Art and Culture

Art and culture

An Artist who helped American painting get past the dominant style of her day get her story told in a new book. 

Last week I mentioned a new biography of artist Helen Frankenthaler entitled Fierce Poise that I’m really looking forward to reading.  Maybe this summer.  Her career was a remarkable one, and her influence on American art very significant.

In 1952 she painted a breakthrough piece called Mountains and Sea.  Because muted color made up so much of the visual impact of her painting, this new style became known as “color field” painting, one of the successor movements to abstract expressionism.  Morris Louis, who became one of Frankenthaler’s fellow “color field”

Did you know Ike and Tina Turner once released a great gospel LP in 1973?



Janie Chodosh has written a marvelous story of The Elephant Doctor of India.  She is a former elementary-and-middle-school educator and environmental scientist at Santa Fe Community College.


Telling the story of a woman who moved American painting onward from a once dominant style.

Artist biographies are, for me, a pretty safe bet when it comes to reading material. If it’s about an artist I like, whose work I like, I can get a lot out of a good biography.  There’s a new one out of an artist named Helen Frankenthaler that, while I haven’t got the book yet, is giving me a chance to reflect on her and her work and I’m looking forward to reading it.  She deserves a good 

The guitar playing Holmes Sisters were clearly acolytes of the immortal Sister Rosetta Tharp, as "Gonna Ride This Train" quickly makes clear.


The other day, I found The Paris Library by Janet Skeslien Charles.  She is an award-winning author, and she divides her time between Montana and Paris.


David and Art - "A Painting President"

May 3, 2021

A former President picks up a paintbrush to say something about current policy.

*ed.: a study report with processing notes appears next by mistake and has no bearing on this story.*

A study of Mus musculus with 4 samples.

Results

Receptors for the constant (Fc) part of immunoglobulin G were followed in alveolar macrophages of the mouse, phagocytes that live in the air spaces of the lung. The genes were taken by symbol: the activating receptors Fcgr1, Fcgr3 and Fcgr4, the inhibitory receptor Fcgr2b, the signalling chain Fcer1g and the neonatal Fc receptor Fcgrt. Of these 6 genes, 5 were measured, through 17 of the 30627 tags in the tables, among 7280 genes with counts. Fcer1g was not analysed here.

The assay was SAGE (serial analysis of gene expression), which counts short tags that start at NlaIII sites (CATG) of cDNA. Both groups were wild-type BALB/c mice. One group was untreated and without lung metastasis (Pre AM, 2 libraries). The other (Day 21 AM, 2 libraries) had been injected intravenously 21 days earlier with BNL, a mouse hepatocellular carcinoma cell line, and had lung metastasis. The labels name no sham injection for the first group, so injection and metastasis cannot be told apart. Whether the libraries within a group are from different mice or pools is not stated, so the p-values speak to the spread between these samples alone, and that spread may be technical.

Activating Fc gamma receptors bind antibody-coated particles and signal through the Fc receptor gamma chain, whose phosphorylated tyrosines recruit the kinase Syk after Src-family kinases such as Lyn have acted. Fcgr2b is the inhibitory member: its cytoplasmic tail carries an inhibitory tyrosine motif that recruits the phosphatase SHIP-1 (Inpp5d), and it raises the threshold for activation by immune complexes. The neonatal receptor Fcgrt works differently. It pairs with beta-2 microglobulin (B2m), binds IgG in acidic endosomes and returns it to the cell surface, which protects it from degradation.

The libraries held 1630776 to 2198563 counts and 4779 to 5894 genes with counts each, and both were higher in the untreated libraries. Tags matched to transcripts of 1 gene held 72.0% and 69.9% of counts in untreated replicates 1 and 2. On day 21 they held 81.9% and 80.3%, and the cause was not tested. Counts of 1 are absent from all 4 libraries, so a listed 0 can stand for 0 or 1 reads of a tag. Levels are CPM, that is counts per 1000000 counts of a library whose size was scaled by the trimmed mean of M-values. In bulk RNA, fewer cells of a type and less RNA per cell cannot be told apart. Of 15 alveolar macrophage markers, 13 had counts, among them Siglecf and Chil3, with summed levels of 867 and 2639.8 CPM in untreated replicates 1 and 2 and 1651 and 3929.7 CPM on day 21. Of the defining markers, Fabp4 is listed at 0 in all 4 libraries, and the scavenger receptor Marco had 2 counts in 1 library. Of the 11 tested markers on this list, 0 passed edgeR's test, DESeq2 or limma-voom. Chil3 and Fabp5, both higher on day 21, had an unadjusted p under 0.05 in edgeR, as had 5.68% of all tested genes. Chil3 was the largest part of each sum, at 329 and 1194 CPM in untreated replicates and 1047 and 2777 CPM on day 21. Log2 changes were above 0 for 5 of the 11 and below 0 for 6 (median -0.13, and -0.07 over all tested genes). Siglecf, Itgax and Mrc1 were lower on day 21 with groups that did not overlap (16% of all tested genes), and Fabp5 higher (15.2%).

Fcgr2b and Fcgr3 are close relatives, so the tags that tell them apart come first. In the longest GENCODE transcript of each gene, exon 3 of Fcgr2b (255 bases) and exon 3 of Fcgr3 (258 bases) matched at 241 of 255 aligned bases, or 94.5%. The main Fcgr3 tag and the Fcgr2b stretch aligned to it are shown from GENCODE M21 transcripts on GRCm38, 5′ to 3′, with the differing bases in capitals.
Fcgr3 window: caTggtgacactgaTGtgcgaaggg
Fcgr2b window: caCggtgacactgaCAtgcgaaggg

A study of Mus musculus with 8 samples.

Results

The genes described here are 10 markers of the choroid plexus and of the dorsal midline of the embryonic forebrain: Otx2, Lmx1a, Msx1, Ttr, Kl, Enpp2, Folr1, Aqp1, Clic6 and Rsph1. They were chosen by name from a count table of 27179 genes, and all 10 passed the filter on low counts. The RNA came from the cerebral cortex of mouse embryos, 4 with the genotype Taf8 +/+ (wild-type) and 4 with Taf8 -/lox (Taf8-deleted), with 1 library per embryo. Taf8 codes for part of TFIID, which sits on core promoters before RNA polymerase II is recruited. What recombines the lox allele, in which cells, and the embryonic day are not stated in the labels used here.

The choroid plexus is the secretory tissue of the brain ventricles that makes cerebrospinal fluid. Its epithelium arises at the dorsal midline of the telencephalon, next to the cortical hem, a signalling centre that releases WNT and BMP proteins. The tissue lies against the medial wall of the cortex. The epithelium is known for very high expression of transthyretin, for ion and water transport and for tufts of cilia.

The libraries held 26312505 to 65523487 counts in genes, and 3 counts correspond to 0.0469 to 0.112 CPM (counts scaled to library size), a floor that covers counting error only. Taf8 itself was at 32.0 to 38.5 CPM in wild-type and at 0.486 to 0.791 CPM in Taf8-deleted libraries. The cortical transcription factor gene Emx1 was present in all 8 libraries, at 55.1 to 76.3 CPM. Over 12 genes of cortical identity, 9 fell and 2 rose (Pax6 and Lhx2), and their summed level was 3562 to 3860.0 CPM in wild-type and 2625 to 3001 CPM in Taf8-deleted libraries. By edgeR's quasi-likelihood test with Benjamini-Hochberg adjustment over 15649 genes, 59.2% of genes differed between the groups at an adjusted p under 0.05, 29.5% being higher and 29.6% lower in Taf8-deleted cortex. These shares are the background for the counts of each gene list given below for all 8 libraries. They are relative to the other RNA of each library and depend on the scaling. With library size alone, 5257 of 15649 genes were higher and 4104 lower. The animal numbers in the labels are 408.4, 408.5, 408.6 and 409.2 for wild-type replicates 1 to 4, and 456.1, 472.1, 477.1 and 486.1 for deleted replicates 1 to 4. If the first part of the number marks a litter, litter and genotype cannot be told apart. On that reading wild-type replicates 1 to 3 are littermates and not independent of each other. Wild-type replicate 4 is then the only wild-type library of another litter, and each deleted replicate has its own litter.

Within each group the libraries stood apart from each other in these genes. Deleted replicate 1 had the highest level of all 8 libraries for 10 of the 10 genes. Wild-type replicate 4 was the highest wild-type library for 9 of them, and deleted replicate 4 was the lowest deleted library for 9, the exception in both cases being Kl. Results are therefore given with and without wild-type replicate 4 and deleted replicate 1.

One of my earliest discoveries of British Women writers was Anita Brookner.  Her novels are mostly short—under 200 pages—and she had a knack for delicate and detailed portraits of her characters.  She wrote twenty novels including her 1988 Booker Prize novel Hotel du Lac.  This was the first of hers I read and my earliest Booker Prize novel.  Anita died in 2016, and I have decided to resurrect some of her finest novels beginning with The Debut.

  

On I Hear America Singing this weekend, we have special guests Sharon Douglas and Freddie Fuller on board to tell us all about the First Salado Cowboy Poetry and Music Gathering coming up May 6th through 9th.

The first modern Cowboy Poetry Gathering was held in Elko, Nevada in 1985. The following year, the first Texas Cowboy Poetry Gathering was held on the campus of Sul Ross State University in Alpine. Since then, Gatherings have popped up all over the nation.

David and Art - "Mr. and Mrs. Mondale"

Apr 26, 2021

Remembering a former vice president of the United States calls to mind his wife as well, and what she did for the arts.


Sister Josephine James' slow and bluesy rendition of "God Can Make a Way" will give you shivers!



I’m Jim McKeown, welcome to Likely Stories, a weekly review of fiction, non-fiction, and poetry.

Every-once-in-a-while I come across a novel by Emily St. John Mandel.  I skimmed some titles, but nothing caught my attention.  When her fifth novel appeared—The Glass Hotel—the dust jacket intrigued me.  She was a finalist for a National Book Award and the PEN/Faulkner Award.